I vividly remember the first time I saw Bread and Puppet Theater, at a demonstration on Wall Street in the 1960s. Gargantuan, bluish dream-phantoms rose in the air above me like Easter Island stone heads come to life. Years later, in 1984, I attended one of the Bread and Puppet theater pieces, "Josephine, the Mouse Singer," and was surprised that it wasn't simplistic political sloganeering, but a tragic tale of a woman vocalist, with eerie, mouselike, atonal music. Bread and Puppet isn't easy to pin down. Their latest show, "Faust 3," will appear at Time and Space Limited in Hudson on April 14.
Peter Schumann, a German dancer and sculptor, founded Bread and Puppet Theater on the Lower East Side of Manhattan in 1963. Eleven years later, the troupe moved to a farm in Glover, Vermont. Four puppeteers currently live on the farm, which also includes a museum and print shop. Each summer, Bread and Puppet presents a weekly circus, plus silent pageants. They also tour internationally. Throughout the years, some characters recur in the Bread and Puppet plays: Mother Earth, Uncle Fatso, The Dragon, plus garbagemen, washerwomen, slumlords, and butchers. "When a horse shows up in a Bread and Puppet show, as horses do in 'Faust 3,' that image rhymes with the horses in Bread and Puppet's work going back to the very early show 'White Horse Butcher,' based on a Russian folktale," explains Joshua Krugman, a current puppeteer.
Avant-garde art typically travels from the periphery of society to museums, university textbooks, and the collections of the rich. Bread and Puppet Theater has resisted this career arc. It still speaks for the poor and the forgotten, the puppets are still made of papier-mâché, and the puppeteers still distribute "peasant bread" during the show. Schumann, now 83, distinguishes between the "fine arts" of the high-culture establishment and the "coarse arts" of ordinary people. He is firmly on the side of the latter. "The most important material for this year is cardboard, and there's a certain pride that this thing you can find in a recycling station, or in your home, is the basic element of an aesthetic," remarks Amelia Castillo, who lives at the Glover farm. Also, the troupe continues to show up at demonstrations, including the Women's March in Washington, DC, and recent immigration protests.
Puppets were the CGI of the 12th century. Before Hollywood ever conjured up a believable ogre, a marionette in a dark room could do the trick. Puppets can also play games with scale. A normal human being seems minuscule next to a massive talking refrigerator, then giant—compared to a dancing thimble—all in the space of three minutes.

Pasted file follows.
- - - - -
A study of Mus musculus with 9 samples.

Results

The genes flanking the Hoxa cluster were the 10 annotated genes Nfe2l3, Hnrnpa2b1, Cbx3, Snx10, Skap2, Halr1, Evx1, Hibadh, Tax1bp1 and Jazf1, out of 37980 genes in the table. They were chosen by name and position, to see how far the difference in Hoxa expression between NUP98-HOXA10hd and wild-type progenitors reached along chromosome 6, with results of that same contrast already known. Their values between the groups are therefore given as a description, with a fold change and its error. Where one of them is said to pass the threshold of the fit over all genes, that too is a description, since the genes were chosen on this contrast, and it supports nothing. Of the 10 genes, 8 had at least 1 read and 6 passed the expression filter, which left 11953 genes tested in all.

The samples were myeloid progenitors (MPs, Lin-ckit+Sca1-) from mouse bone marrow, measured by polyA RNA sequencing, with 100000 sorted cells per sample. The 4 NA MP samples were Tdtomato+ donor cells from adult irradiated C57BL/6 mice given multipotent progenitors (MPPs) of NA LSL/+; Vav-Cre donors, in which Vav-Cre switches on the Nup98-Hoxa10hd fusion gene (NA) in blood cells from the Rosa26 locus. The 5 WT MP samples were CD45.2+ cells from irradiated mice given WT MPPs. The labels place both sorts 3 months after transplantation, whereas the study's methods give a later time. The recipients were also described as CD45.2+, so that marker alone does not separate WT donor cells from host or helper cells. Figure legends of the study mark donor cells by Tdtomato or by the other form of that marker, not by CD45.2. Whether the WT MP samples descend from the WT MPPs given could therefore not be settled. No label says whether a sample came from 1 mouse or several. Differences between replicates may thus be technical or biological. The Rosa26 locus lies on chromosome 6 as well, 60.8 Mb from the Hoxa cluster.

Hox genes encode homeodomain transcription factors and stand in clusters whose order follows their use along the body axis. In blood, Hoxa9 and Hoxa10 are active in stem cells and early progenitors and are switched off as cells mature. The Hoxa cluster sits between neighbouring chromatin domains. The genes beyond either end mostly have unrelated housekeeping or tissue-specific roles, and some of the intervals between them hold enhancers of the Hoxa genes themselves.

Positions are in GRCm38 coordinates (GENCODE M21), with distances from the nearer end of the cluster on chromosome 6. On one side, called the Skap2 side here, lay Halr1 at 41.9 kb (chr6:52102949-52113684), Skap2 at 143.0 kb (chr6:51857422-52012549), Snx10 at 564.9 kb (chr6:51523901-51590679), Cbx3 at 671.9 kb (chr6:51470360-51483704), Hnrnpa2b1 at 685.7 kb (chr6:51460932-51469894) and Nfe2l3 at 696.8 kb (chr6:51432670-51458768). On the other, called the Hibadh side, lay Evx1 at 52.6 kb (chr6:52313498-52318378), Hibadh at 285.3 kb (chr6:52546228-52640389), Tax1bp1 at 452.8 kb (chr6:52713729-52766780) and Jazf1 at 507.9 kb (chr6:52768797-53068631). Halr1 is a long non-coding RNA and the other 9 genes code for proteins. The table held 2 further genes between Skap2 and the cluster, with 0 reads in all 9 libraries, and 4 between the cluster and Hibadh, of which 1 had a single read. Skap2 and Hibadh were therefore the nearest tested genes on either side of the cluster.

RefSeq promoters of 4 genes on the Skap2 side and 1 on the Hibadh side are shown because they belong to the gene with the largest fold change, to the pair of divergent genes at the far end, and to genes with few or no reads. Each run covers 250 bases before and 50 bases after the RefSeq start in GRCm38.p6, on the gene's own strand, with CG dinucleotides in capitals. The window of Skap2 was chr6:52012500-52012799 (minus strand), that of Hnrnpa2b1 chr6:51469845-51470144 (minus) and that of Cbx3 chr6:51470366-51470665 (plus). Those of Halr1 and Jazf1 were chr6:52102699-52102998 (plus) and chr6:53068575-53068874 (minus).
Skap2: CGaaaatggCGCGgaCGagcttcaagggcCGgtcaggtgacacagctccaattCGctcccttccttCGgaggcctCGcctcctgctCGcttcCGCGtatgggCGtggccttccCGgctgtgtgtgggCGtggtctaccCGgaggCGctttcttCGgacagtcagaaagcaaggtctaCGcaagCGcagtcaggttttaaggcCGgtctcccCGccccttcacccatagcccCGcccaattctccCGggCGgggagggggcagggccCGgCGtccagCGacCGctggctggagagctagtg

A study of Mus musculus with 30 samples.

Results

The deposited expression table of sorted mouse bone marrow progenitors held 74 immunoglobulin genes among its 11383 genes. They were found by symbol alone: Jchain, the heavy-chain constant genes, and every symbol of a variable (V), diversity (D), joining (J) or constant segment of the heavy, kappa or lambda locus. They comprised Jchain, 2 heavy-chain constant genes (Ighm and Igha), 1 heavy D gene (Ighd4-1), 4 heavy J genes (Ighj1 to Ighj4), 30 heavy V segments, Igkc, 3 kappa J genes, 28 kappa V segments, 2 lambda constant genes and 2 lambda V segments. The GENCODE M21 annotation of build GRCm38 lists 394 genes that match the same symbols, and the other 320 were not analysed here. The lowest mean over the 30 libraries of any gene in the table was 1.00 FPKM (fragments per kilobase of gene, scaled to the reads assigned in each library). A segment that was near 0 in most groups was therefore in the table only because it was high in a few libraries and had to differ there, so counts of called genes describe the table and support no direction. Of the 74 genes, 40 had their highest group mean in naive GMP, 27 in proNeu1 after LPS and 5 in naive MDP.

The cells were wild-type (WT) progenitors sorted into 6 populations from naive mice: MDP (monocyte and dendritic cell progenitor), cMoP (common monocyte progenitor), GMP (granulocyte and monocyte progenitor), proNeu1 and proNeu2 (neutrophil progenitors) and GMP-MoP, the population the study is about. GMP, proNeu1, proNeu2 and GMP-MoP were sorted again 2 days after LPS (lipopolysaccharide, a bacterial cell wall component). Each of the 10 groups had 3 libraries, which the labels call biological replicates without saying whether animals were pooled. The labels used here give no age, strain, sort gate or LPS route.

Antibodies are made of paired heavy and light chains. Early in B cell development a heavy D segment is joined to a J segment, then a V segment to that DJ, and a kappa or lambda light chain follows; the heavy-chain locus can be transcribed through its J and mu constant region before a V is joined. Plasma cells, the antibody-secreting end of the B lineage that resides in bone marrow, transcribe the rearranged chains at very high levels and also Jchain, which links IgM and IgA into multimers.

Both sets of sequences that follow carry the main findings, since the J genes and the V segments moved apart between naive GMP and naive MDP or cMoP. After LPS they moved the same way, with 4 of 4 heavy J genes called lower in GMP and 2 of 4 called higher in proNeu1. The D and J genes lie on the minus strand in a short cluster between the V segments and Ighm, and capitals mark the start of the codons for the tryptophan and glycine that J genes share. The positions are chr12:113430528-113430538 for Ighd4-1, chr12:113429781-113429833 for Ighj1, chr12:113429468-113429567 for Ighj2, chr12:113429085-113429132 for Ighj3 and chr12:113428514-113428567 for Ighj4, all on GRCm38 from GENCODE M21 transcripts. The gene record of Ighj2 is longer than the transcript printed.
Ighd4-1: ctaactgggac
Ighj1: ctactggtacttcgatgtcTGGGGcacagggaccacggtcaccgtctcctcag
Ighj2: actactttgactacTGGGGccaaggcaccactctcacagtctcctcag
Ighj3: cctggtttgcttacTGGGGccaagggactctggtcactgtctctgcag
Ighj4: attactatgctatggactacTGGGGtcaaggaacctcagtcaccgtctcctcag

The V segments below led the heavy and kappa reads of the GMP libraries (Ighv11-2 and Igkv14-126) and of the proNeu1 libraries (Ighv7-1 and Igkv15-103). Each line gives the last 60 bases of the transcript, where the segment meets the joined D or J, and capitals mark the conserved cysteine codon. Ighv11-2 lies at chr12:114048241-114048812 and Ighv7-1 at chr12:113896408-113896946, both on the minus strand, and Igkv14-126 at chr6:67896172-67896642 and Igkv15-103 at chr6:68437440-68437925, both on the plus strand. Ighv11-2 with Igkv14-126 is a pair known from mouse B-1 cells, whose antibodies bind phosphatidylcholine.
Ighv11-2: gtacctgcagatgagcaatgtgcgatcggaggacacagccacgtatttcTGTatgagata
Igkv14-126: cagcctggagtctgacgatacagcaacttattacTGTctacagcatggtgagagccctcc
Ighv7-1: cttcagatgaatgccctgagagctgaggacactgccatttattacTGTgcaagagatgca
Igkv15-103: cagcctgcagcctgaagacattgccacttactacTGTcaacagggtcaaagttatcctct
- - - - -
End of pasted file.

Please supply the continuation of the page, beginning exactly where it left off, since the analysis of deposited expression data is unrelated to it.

The German Romantic poet Goethe wrote the verse play "Faust" in two parts. Last year, Schumann decided it was time to add a third section, which he titled "Faust 3." Goethe's "Faust" is based on the German legend of a philosopher who sells his soul to the Devil to achieve vast worldly knowledge. The play is in two parts. Part I stuck close to the original legend, but Part II was an expansive amalgam of fantasy, erudition, and moral lesson. The Bread and Puppet version uses Faust as an emcee to introduce skits about contemporary America. Ordinary workers, like the fabled German philosopher, lack basic satisfaction, and find themselves trapped in a world without meaning. "Faust 3" asks: Will they make a "Faustian bargain," or find another way to escape their fate?
This play includes numerous levels of illusion: finger puppets, masks, flat puppets, and a construction so large it won't fit in certain venues (in which case there's a Plan B climactic puppet). Fourteen performers constitute the current Bread and Puppet troupe, doubling, tripling, and quadrupling up on roles, plus playing instruments, dancing—and at the end, handing out bread. Though the play was written last summer, before Trump was elected, it confronts the stunned desperation of working class life in America with wry humor. In this age of political absurdity, farce is a true necessity.
"Faust 3" by Bread and Puppet Theater will be performed at Time and Space Limited on April 14 at 7:30pm. (518) 822-8100; Timeandspace.org.